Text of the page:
Rapaport Magazine

Israel Market Report

Some Movement, Little Profit

By Avi Krawitz
Israeli diamantaires returned from the Jewish holiday break in October reasonably satisfied that demand has improved but
deeply concerned about their continuing low profit margins, especially among the local diamond manufacturers. “The positive we see is that
the market is moving and is not standing still,” said Kobi Itzchaki, managing director of Dalumi Group. “But our conflict is in prices. There are a lot of polished goods being sold below production costs, which makes it better to be a trader than a manufacturer at the moment. This situation cannot be sustained and is bound to change; otherwise, the entire industry will be at risk.” 

Moti Ganz, outgoing president of the International Diamond Manufacturers Association (IDMA), who in October was reelected chairman of the Israel Diamond Institute Group of Companies (IDI), urged the industry to keep the playing field level. “We cannot continue to buy rough at a loss,” he stressed. “The producers need to give the manufacturers stronger backing, by consistently providing rough supplies that will in turn enable the manufacturers to commit to their clients with reliable, continuous supplies of polished.”

Itzchaki agreed, but explained that even though rough prices from the major producers are high, manufacturers are compelled to buy these goods in order to keep their businesses running and to fill orders from customers who are waiting for their polished goods.

Not Selling Cheap
Within this environment, polished dealers and manufacturers are trying to maintain steady polished price levels. Ady Legziel, owner of Ady Legziel Export (1996) Ltd., which specializes in 1-carat to 3-carat certified round diamonds, noted that, on the whole, polished suppliers are not under pressure to sell and are prepared to wait until they can get their price.

“It’s not like in 2008 when people needed the cash and were prepared
to sell off their goods,” he said. “Sellers are refusing to sell cheap.
You can get your price but the market is operating in a way that you cannot sell quickly.”

Legziel added that there are a lot of goods in the market but that doesn’t mean that buyers can get the prices they want. Particularly with regard to fancy shape goods, which are in relatively steady demand, he noted that buyers either meet the supplier on price or miss out on the stone. The demand-supply imbalance in fancies also means that the diamonds that are readily available at cheaper prices are flawed.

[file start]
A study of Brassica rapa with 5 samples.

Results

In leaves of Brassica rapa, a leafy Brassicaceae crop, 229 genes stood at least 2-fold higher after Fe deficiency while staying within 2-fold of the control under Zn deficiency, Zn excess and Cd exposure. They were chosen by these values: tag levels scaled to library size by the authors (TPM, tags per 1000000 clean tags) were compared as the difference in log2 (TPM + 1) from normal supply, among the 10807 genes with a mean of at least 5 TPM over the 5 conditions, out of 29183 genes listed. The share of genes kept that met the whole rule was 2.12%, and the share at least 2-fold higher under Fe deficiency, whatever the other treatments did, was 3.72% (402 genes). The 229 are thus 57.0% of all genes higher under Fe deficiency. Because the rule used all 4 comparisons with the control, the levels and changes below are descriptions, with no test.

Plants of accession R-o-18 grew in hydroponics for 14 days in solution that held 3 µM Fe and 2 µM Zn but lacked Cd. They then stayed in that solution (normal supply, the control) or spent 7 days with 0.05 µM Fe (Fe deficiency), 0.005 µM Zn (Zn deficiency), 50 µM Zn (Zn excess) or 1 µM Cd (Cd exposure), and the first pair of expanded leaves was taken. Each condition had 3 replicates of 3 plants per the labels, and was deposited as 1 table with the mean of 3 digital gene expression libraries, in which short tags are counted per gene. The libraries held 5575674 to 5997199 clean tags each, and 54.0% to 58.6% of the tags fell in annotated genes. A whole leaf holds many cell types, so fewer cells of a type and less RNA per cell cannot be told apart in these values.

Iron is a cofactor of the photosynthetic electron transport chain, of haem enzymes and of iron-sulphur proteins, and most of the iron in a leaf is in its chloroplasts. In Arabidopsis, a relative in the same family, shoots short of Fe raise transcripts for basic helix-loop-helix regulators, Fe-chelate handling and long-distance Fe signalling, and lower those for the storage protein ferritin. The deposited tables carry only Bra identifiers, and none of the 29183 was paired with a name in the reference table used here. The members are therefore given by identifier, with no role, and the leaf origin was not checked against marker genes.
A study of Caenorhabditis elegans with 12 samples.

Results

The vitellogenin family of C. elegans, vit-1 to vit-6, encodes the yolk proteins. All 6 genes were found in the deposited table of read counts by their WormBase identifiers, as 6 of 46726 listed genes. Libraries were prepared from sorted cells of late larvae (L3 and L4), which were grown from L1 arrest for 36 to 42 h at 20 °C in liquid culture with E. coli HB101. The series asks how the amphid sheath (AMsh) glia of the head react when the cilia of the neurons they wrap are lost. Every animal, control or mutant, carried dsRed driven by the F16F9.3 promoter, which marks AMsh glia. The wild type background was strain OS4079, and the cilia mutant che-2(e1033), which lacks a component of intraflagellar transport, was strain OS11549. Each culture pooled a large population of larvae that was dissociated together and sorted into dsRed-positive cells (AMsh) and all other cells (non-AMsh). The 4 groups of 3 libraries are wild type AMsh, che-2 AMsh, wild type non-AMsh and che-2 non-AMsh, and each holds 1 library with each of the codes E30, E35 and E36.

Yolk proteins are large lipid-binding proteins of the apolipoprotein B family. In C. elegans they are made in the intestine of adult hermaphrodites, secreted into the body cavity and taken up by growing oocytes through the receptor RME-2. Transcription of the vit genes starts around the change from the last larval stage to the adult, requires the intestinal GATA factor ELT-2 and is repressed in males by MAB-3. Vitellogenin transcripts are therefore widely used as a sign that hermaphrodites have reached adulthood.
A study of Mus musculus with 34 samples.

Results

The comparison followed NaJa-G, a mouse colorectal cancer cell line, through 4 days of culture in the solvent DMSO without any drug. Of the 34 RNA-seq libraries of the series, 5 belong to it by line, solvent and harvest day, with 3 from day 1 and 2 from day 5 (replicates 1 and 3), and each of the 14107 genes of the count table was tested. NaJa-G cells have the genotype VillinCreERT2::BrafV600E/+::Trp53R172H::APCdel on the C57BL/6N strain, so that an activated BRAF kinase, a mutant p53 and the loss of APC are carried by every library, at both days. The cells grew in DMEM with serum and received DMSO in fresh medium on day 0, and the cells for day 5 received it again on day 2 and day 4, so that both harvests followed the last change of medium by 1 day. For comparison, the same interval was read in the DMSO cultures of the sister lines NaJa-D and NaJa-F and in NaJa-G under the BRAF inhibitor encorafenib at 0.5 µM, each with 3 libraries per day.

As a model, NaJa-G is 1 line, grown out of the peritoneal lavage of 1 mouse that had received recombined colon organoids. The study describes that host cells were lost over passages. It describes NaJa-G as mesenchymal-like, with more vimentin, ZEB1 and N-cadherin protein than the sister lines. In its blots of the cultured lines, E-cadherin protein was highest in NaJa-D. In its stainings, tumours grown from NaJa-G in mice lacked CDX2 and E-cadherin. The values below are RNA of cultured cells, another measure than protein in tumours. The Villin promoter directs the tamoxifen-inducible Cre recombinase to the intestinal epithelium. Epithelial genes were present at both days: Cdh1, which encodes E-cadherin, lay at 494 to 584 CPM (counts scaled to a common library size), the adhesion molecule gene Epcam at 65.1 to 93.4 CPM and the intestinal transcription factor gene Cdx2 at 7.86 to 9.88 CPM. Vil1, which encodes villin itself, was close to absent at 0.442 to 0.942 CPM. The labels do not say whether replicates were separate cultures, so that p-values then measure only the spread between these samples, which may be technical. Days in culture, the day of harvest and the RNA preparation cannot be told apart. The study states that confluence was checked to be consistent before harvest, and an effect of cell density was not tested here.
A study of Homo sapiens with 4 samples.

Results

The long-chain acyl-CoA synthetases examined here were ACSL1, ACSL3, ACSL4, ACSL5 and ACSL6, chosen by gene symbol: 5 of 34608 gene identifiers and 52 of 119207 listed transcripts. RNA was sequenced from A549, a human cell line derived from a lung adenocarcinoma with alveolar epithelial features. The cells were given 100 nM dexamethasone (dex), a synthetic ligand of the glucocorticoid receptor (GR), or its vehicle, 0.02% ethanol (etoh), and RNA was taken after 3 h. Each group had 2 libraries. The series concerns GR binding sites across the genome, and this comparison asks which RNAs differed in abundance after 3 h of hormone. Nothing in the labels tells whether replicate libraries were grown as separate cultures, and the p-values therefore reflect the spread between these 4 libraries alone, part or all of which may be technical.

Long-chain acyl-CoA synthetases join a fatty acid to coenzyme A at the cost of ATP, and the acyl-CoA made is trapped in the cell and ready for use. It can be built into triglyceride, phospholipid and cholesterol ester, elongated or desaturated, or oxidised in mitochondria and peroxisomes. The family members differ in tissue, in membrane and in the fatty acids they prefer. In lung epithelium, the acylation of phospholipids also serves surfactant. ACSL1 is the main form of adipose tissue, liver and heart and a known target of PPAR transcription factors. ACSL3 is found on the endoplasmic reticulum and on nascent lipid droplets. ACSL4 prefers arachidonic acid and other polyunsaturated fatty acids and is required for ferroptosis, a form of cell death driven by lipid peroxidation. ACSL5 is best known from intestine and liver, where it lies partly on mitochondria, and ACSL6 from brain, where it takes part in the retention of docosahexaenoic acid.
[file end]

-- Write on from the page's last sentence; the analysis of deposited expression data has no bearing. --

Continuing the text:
With businesses across the pipeline working with lower inventories, producers have diminished their rough supply and manufacturers
have reduced their factory output. Itzchaki expects that there may be some pending shortages of the more popular goods that have been selling at a steady pace. As a manufacturer, he sees this as a positive because it would help support higher prices. It would also help narrow the price gap that exists between the commercial and better-quality diamonds, which,
in turn, would encourage people to start buying the better-quality goods again, he explained.

Relative Quiet
Given the diminished demand in 2012, Legziel observed that trading in the Israel Diamond Exchange (IDE) has been relatively quiet. “There is demand and people are looking for goods, but everyone has decreased their turnover in 2012,” he reported.

Itzchaki acknowledged that the mood in the bourse is slightly gloomy at the moment, given the global economic uncertainty and lack of manufacturing profitability. But he expressed confidence that the market will improve. “It’s difficult to predict but we have to be optimistic in this business,” Itzchaki said. “We must realize that there is no permanently bad market, just as there is no permanently good one.”

Positioning Israel
Legziel acknowledged that the market has slowed as Chinese buyers have grown cautious in the uncertain 2012 economy, but he expects the Far East to be the key toward reversing the downtrend. “The Chinese need a realistic indication that the market is going up before they return in a serious way and stimulate industry growth,” Legziel said.

Ganz said that his main task during his new term as IDI chairman will be to create a comprehensive ten-year strategic plan to position the Israeli diamond industry as a global leader in rough and polished diamonds.

Itzchaki stressed there is no reason Israel shouldn’t achieve that goal, given that it has the best regulation standards and facilities and has a lot to offer in terms of diamond knowledge and trading ethics. “It’s also a very ambitious market and the chances of succeeding here in the diamond business are better than anywhere else,” he said.

Article from the Rapaport Magazine - November 2012. To subscribe click here.